JPMorgan Chase has largely sat on the sidelines of Federal Housing Administration lending due to compliance concerns. But recent regulatory relief efforts have Chase Home Mortgage CEO Mike Weinbach eyeing an opportunity to jump back in.

FHA lending has "real opportunity to become safer" because current officials are working on addressing liabilities it poses for lenders, Weinbach said, speaking as part of a panel of C-suite lending executives at the Mortgage Bankers Association's National Secondary Market Conference in New York.

The company still does some FHA lending, but its involvement in the market is relatively small in part because of the price it has to charge for the loans to address the potential liability involved. The company was the 84th largest FHA lender in the business in 2017.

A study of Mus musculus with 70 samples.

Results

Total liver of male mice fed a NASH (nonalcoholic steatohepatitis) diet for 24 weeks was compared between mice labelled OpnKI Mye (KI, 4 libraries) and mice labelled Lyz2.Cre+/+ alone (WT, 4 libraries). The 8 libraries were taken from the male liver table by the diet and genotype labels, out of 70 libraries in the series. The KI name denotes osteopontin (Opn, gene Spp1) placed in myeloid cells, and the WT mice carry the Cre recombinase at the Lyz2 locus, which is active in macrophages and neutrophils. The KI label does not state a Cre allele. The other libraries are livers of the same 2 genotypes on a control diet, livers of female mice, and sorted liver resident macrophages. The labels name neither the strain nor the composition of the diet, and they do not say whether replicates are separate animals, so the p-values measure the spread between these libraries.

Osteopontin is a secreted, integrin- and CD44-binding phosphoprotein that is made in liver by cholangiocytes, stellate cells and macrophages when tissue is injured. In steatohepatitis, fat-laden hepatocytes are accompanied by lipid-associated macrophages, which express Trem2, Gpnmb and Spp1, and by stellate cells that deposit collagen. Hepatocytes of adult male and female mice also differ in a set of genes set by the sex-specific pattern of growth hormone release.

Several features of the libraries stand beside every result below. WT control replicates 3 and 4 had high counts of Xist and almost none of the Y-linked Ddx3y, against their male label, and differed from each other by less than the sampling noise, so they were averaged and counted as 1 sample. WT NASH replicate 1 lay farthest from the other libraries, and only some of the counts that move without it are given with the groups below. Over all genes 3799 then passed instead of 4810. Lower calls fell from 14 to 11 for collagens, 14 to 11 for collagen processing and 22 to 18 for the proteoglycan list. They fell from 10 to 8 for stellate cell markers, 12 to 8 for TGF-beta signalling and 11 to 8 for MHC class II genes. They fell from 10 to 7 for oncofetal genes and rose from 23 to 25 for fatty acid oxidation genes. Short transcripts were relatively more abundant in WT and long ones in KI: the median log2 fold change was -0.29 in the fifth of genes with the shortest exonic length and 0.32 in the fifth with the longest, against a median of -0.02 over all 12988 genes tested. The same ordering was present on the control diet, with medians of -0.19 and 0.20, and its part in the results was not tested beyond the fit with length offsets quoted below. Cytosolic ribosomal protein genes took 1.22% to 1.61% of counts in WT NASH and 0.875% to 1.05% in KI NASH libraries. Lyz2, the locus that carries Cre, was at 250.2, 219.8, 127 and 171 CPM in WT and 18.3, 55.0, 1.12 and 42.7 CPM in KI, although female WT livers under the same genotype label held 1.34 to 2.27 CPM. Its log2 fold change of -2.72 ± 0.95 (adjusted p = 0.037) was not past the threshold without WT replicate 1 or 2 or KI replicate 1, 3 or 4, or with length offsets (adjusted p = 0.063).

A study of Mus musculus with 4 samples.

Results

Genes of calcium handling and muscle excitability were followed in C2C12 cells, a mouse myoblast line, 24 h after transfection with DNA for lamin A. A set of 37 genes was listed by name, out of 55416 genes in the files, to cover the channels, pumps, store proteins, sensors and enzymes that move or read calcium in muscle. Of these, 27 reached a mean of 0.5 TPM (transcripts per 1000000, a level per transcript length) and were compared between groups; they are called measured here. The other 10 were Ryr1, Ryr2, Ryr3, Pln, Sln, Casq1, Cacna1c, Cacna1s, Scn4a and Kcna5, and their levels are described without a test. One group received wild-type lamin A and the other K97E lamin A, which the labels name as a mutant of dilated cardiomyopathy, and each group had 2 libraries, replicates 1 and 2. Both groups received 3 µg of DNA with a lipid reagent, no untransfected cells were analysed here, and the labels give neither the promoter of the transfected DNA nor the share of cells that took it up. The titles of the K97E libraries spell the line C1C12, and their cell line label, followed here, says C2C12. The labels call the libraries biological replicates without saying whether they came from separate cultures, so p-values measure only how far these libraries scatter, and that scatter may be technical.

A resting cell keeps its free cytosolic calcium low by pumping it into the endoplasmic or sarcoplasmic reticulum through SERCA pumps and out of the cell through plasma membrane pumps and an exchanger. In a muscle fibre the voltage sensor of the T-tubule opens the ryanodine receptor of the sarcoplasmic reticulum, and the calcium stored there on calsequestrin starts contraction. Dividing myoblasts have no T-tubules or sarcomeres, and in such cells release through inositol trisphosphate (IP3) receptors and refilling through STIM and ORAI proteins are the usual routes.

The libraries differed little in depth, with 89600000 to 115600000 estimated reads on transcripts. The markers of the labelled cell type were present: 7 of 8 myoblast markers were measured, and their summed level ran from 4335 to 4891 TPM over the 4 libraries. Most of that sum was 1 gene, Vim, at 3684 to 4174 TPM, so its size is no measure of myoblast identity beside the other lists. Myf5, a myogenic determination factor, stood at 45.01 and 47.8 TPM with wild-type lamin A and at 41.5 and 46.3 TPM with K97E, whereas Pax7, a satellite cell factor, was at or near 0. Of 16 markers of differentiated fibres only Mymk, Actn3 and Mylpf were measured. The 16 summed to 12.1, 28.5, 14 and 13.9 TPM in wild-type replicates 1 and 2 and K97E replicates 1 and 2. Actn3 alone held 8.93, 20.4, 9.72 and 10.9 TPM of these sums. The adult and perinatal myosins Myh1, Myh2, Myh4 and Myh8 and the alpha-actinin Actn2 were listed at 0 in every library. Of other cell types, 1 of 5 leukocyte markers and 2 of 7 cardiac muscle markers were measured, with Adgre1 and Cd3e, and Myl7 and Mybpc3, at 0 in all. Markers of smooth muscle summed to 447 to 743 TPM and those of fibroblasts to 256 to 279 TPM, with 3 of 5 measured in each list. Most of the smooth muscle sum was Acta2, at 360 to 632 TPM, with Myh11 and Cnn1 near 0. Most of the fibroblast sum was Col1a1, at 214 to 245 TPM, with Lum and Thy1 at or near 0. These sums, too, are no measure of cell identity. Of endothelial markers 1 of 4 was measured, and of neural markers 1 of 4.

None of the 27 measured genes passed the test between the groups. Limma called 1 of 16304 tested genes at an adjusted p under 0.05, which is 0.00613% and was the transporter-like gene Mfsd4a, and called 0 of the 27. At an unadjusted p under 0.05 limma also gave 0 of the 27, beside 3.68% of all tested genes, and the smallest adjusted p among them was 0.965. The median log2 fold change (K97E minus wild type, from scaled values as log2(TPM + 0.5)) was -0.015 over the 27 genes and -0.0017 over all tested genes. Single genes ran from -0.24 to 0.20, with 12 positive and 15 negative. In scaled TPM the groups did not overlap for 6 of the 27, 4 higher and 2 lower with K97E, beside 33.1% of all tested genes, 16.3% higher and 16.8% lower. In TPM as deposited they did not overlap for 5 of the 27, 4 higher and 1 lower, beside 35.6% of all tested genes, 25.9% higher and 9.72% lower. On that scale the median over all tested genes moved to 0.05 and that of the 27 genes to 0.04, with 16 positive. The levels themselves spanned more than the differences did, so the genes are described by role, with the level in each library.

Chase Home Mortgage CEO Mike Weinbach
Chase Home Mortgage CEO Mike Weinbach

For Chase Home Mortgage to increase its FHA activity, changes to the government program that reduce liability would need to be "fixes that go beyond this administration," Weinbach said.

JPMorgan Chase publicly distanced itself from the FHA market in 2014 after settling an enforcement action. Other large banks have had similar concerns about FHA lending.

But Jamie Dimon, the CEO of Chase Home Mortgage's parent company, and some other bank executives a little over a year ago began calling for reforms that would lessen compliance concerns in areas like FHA lending while expressing frustration with the mortgage market share they lost to nonbanks.

While some large banks have scaled back or largely refrained from FHA lending, for independent mortgage bankers, loans insured by the FHA and the Department of Veterans Affairs are "an important piece of our business," said Stearns Lending CEO David Schneider at the conference.